Today is our last day in Fes. Marry, the Dutch woman we have met in the Riad suggests we hire a guide to explore the medina. Joelle, the Riad owner knows an excellent guide. The guide is called Abdullah. He is in his sixties and looks very handsome in his black djellaba. There is a strong Omar Sharif resemblance, I tell Rohan and Fazilah. They both give me a blank stare! Now, I feel old.
Abdullah grew up in the medina and knows it like the back of his hand. He has amazing facts to share: in the medina, there are 10000 streets, 350 mosques, 225 fountains, 18 gates and a population of 160,000. It is the biggest medina in the Islamic world and the third most important religious center. It is home to El Quaraniya, the oldest university in the world, dating to the ninth century.
We start walking in the medina. Everything is at a miniature scale. A street may be a few feet wide and run for less than 30 feet. There are no straight lines, everything is a twisty, turning maze. Some streets are loosely covered with wooden planks, some are like tunnels, ducking under houses. Some are quiet, some are bustling with shops and shoppers. We enter a market street. It is lined with shops selling fruits, vegetables, fresh meat, fish, dates, olives, sweets. There are lots of shoppers, all local, we rarely do we see any tourists.
Abruptly, the food market ends and we turn sharply into a different market, selling clothing, kitchen stuff, etc. it goes on and on… We see metal workers’ street, wood workers’ street, leather workers’ street, it is an endlessly fascinating maze.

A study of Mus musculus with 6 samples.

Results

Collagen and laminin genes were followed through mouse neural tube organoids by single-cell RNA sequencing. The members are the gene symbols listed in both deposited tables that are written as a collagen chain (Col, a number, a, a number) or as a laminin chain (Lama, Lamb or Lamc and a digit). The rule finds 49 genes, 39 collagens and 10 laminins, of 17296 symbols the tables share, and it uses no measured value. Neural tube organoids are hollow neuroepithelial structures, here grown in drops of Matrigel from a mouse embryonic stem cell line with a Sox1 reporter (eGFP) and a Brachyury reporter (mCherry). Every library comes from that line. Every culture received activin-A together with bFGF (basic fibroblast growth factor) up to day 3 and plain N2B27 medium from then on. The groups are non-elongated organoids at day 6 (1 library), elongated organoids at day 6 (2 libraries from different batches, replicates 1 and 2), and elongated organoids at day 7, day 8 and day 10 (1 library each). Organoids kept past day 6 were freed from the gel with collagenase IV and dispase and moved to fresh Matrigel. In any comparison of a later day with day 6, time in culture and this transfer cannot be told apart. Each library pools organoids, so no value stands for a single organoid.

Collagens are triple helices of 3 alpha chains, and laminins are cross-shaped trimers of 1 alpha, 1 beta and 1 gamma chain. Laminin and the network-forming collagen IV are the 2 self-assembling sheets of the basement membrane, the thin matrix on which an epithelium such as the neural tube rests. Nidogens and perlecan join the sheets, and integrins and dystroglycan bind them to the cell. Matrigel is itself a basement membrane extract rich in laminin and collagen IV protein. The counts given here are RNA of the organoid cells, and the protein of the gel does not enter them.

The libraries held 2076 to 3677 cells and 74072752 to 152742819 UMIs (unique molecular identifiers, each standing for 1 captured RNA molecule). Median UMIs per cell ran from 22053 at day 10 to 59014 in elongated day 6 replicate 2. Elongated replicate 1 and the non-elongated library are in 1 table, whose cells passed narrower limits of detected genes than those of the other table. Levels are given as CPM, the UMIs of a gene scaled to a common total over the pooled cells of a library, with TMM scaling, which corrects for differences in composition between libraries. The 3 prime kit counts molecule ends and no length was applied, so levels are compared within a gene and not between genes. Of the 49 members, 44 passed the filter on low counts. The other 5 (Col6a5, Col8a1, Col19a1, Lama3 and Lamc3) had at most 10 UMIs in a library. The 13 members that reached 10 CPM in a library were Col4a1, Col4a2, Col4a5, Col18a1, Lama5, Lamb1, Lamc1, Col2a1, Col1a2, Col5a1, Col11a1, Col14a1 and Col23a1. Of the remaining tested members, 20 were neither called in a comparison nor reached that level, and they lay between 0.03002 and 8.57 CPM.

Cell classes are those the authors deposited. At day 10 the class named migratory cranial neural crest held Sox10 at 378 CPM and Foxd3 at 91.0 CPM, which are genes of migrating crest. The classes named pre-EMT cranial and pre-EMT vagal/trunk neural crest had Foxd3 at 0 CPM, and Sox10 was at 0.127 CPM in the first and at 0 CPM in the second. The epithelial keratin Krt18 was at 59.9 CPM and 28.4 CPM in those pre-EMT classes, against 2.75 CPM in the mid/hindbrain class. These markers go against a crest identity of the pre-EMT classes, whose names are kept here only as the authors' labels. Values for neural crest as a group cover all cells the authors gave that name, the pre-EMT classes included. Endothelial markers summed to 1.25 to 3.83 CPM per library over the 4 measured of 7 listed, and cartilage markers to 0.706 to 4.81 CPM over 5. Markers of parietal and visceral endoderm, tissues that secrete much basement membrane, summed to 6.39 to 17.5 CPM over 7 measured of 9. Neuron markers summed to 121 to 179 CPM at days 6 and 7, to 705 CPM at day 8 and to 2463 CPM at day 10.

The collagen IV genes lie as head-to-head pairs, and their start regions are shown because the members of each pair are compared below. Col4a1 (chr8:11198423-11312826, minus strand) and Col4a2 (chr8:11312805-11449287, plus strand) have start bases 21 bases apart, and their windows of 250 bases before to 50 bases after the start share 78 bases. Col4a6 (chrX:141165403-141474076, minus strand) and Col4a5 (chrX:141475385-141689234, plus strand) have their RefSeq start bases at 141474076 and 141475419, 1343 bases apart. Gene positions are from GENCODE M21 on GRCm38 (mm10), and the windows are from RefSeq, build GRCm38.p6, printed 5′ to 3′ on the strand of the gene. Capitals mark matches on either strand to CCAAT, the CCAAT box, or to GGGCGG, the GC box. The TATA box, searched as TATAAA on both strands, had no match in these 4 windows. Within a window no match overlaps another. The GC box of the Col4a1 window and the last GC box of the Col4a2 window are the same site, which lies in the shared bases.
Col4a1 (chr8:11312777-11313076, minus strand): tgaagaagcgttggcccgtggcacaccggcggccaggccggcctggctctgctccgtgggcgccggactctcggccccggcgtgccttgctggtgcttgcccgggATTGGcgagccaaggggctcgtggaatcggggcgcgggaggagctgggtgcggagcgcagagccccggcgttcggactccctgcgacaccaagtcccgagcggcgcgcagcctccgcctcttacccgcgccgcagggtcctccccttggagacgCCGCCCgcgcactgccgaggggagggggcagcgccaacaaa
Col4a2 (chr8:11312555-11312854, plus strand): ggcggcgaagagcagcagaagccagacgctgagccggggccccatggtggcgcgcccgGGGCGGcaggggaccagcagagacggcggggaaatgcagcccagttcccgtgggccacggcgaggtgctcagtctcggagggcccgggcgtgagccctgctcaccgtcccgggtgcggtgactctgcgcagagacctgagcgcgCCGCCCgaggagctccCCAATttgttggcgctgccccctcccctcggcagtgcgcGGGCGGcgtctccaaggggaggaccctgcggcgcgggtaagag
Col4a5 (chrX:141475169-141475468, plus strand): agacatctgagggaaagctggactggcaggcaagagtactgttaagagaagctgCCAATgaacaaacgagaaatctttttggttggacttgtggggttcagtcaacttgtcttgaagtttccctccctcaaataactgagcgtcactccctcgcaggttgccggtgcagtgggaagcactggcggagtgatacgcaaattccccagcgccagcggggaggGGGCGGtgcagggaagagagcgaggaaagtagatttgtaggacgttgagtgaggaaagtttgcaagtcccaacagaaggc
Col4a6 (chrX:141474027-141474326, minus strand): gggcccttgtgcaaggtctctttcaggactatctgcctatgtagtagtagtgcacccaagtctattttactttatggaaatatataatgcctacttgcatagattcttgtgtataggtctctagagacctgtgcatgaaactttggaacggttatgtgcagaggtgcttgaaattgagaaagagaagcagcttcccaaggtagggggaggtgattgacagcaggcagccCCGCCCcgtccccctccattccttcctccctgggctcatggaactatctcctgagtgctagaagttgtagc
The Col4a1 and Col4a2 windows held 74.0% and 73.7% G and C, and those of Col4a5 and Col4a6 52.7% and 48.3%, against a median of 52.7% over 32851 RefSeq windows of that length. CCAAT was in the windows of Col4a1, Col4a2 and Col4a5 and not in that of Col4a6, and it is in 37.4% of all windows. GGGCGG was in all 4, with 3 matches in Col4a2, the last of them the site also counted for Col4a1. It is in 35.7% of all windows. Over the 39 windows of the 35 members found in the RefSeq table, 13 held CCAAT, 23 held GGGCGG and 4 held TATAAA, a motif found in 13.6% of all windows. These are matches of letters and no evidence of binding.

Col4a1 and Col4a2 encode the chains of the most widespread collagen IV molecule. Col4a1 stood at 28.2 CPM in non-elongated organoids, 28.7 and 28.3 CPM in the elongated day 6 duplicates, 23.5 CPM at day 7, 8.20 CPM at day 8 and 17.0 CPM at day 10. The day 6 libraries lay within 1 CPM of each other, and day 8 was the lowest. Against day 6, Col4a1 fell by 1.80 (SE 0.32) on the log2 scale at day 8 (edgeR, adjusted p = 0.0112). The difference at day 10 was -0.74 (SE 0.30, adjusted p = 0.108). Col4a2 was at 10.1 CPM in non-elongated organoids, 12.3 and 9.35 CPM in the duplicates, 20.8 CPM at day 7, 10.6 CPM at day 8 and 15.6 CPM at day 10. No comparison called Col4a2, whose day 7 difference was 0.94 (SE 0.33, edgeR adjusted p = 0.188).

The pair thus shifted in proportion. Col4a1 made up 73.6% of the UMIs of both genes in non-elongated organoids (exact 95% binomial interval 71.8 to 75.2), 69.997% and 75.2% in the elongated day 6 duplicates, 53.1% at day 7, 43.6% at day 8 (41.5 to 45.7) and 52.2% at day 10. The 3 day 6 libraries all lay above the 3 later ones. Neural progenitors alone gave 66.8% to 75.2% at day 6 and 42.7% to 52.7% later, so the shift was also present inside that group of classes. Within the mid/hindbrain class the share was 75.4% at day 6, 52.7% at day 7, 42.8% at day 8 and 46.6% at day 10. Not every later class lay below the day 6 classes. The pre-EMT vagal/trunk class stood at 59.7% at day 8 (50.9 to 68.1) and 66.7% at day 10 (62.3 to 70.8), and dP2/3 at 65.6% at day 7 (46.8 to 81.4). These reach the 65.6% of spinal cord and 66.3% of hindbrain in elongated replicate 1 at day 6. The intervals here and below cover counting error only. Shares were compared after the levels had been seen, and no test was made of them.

Every now and then, there a small square filled with sunlight, which provides a respite from the chaos and congestion of the streets.
Abdullah takes us to the Blue Gate, the most important and the most beautiful of the 18 gates of the Medina. Like everything else, it is gazillion years old and has lots of history. It is spectacular with intricate calligraphy in green on the inside and blue on the outside. Just inside, there is a beautiful fountain, covered in a colorful mosaic of tiles. There is also an important religious building, with a large entrance, lined with intricately carved marble and cedar.
We keep walking to different parts of the Medina. We end up in a food street. There are lots of little food stalls. I see a stall where there is a large pot of what looks like a bean soup. There are people outside eating the soup from earthenware bowls with bread. I think I know what this is. I have read about this in my Moroccan food book. It is “bisara”, a thick soup made from white beans, a specialty of Fes. The aroma is very enticing. The guy in the shop smiles as he hears me say “bisara” and invites us to sit down. Soon, Rohan, Fazilah and I are looking at steaming bowls of bisara, topped with dash of olive oil and sprinkled with cumin and paprika. There is fresh round flatbread to go with it. It is deeply satisfying.
Abdullah shows us what used to be a caravanserai, where travelers used to stay, way back in the 12th century:
Then we see climb us some steps to leather goods shop, to see a view of the famous tanneries of Fes:
Our tour ends with a visit to the mausoleum of Molay Idriss II, the founder of Fes, It is under restoration, but we can see the outside. Abdullah poses next to a kind of wishing well, an opening where one is supposed to drop a coin and make a wish, something people have been doing for centuries. Abdullah gets nostalgic, as he tells the story of growing up poor in Fes and as a teenager, dropping a coin in the shrine and wishing for a motorcycle, and magically, getting one.
We drop a coin in the little hole, wishing for another trip to this fascinating city.